When it comes to smoking in bars and restaurants, cities and states continue to fight a back and forth between those who want all-out smoking bans and those that believe there should be some places left to smoke.
Meanwhile, The Netherlands, a country that is often ahead of the curve on such matters, passed a smoking ban in 2008 and has already overturned it. Smokers' rights advocates successfully argued that the ban was unfair and was putting small bars out of business. Dutch smokers can now freely smoke in more than 2,000 small bars or pubs, as long as the venue complies with certain rules. For example, smoking bars must be under 743.5 square feet and be staffed solely by the owner.
According to the Daily Mail, the Netherlands is the first country in Europe to reverse a smoking ban. Weil Maessen, a smokers' rights advocate said: "This is great news for small bars and the common man. Lower-class people tend to drink in these places and they were being punished ... Small bars have an important social function."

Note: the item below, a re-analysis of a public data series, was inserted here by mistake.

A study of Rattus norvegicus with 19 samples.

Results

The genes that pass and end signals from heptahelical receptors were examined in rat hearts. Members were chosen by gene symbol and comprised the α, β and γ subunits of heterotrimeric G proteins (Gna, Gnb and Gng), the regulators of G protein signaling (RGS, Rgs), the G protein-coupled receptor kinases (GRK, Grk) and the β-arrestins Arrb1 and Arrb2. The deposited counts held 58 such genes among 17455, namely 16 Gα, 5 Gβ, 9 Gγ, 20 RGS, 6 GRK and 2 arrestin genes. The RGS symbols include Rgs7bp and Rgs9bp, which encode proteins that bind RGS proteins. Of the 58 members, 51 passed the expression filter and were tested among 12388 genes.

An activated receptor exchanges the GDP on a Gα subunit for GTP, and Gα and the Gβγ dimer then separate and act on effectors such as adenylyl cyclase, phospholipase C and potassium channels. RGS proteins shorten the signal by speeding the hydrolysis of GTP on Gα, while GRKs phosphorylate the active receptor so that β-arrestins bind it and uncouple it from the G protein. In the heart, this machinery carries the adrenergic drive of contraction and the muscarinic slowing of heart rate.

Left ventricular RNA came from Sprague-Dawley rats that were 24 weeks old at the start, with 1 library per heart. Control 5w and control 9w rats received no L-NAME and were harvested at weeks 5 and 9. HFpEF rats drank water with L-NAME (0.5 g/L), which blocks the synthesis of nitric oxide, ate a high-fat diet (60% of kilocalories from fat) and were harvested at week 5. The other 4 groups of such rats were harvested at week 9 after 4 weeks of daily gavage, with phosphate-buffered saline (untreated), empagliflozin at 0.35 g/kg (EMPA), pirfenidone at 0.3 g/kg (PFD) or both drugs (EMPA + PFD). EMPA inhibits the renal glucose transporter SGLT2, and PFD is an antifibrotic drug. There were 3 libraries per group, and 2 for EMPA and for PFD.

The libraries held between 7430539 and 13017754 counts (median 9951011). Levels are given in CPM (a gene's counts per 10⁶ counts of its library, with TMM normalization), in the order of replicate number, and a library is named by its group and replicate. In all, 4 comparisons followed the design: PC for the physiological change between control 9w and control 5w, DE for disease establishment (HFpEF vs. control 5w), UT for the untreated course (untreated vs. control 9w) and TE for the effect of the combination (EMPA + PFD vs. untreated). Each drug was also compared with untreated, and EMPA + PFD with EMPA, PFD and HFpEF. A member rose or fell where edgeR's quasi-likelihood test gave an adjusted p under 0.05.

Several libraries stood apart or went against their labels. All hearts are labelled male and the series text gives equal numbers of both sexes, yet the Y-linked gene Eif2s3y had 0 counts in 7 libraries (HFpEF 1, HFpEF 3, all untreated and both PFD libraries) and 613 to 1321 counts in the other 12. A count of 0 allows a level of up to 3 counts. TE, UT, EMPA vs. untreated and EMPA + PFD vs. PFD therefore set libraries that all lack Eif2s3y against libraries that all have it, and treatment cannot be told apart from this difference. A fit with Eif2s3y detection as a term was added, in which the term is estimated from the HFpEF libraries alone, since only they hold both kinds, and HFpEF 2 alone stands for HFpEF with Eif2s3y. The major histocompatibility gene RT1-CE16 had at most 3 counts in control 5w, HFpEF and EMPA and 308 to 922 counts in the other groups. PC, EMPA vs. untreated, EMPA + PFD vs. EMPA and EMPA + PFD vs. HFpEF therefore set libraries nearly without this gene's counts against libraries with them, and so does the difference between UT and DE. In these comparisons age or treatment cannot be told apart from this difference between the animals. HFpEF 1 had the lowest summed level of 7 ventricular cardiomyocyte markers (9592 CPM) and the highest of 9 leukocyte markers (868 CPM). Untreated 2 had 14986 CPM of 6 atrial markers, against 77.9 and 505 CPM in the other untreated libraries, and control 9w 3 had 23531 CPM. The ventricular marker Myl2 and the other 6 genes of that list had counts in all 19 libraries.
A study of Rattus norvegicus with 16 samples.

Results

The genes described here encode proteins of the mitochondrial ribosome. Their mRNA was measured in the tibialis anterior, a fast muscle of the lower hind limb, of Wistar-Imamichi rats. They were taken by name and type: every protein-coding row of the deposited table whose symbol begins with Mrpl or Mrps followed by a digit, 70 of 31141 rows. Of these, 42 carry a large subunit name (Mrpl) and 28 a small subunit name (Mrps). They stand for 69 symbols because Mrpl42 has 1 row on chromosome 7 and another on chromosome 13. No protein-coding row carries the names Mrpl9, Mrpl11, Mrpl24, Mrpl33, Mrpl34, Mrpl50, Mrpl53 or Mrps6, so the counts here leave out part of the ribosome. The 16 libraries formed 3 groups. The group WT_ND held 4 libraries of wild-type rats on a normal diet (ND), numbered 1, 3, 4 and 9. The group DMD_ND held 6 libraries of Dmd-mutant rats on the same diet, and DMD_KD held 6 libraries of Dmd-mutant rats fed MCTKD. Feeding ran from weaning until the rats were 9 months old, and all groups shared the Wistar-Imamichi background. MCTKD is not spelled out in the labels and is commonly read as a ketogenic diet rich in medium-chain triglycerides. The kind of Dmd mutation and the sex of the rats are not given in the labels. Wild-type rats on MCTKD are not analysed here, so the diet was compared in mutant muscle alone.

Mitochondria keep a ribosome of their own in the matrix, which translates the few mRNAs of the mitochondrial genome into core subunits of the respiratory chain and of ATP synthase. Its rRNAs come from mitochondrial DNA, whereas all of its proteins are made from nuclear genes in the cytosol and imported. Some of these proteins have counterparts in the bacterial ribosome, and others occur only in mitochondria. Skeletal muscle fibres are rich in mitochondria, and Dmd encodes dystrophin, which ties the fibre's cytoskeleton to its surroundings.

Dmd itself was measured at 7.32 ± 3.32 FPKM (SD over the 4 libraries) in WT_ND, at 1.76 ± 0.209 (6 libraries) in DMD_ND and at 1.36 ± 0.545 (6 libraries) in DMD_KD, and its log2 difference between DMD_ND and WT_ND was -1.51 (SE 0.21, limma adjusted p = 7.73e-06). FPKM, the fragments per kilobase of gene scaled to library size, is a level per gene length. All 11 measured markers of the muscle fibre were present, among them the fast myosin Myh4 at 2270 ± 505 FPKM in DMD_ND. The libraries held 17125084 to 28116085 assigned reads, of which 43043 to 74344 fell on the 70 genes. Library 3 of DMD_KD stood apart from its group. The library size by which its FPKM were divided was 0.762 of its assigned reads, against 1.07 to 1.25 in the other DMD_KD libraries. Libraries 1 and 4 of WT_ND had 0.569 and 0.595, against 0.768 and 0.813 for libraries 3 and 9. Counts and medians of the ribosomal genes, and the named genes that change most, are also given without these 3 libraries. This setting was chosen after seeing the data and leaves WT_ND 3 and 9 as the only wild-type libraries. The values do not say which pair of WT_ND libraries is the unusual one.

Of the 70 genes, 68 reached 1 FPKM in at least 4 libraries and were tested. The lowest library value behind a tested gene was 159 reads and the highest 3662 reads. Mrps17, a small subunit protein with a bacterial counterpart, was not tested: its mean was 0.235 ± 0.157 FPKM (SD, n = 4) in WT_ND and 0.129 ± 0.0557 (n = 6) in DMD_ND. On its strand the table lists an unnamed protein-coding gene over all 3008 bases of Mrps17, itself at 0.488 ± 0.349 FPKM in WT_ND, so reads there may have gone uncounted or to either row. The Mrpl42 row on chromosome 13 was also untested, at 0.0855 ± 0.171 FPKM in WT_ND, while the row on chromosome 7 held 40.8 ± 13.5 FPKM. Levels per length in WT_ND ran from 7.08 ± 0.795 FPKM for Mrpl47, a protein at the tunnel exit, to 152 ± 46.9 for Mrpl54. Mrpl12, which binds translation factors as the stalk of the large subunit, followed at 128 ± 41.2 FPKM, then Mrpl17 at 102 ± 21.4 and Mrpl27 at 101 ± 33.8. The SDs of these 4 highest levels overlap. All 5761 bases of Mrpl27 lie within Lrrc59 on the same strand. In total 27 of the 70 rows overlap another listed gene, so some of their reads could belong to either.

The Netherlands has never been afraid to go its own way on social issues. The country already tolerates the sale and possession of small amounts of marijuana as well as allowing prostitution. According to public health minister Edith Schippers, the reversal is a good thing, because it promotes freedom of choice, something that is important to the Dutch. "A sign will inform customers whether or not they are allowed to smoke on the premises,' Schippers said.
It will be interesting to see how the new rules play out for the Netherlands versus the current approach in the U.S. At the moment, the tide certainly seems to be in favor of expanding smoking bans in the U.S. as opposed to relaxing them.